Havana, Feb. 4 (Reuters): US farm product sales to Cuba, which began only in 2002, have now topped $1 billion, the head of Cuba’s food import agency said yesterday.
That trade appears to be growing despite a marked deterioration in always tense bilateral relations.
“We have paid $1.043 billion to date,” Alimport chairman Pedro Alvarez said after signing a $22 million contract for 10,000 tonnes of milk with Dairy America of Arizona. Alimport includes shipping and other costs in its figures.
Alvarez said most of the 163,000 tonnes of agricultural products purchased from the US under a 2000 US measure that allowed cash-only sales were shipped by American companies.
Alimport reported Cuba had become the 22nd largest US agricultural market, with sales of $474 million last year.
In January, US companies did $45 million in new business with Cuba, Alvarez said.
Also last month, the Bush administration branded Cuba an “outpost of tyranny” that needed to be liberated and President Fidel Castro called the US President “deranged” and his government “fascist”.
Apart from verbal barbs, President George W. Bush has in recent years tightened the 45-year-old trade embargo against the communist-run Caribbean island, expelled 19 Cuban diplomats and suspended biannual immigration talks, even as the food trade has grown.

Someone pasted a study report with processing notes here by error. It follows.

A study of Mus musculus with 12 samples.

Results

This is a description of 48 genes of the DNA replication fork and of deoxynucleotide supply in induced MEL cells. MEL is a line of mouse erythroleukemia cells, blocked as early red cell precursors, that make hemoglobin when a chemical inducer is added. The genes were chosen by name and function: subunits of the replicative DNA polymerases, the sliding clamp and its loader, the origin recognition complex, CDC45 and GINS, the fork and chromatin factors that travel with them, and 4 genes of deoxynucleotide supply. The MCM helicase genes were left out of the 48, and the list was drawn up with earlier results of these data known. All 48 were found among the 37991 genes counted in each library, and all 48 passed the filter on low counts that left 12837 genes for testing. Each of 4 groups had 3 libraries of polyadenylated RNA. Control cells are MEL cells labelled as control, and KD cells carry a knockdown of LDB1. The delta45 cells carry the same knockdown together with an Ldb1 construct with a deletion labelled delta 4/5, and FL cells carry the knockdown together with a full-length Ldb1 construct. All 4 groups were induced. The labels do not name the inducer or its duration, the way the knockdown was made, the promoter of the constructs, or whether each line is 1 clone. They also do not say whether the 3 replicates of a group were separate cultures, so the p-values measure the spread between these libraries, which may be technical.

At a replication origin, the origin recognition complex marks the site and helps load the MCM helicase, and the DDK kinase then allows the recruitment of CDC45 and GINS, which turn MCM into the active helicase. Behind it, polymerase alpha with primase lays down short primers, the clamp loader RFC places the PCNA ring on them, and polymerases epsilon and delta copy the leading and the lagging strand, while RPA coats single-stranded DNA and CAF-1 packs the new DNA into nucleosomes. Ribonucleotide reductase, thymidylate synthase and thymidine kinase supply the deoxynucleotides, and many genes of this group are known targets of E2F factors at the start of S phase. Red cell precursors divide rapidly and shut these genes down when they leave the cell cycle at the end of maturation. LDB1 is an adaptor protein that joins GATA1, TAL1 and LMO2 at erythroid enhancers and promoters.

Both Alvarez and Dairy America president Keith Murfield said they hoped trade would continue in a positive direction because it was in the interest of both countries, but Alvarez warned new sanctions would result in reduced Cuban purchases.
“If restrictions are tightened, trade would be dramatically reduced,” Alvarez said.
Around 90 per cent of Cuban purchases have been for grains, cereal and poultry from a dozen US companies such as Illinois-based Archer Daniels Midland Co., Minnesota-based Cargill and Iowa-based FC Stone.
Cuba imported $1.3 billion of food products last year, including $120 million for 55,000 to 60,000 tonnes of powdered milk, Alvarez said, adding that just 17,500 tonnes of it came from the US.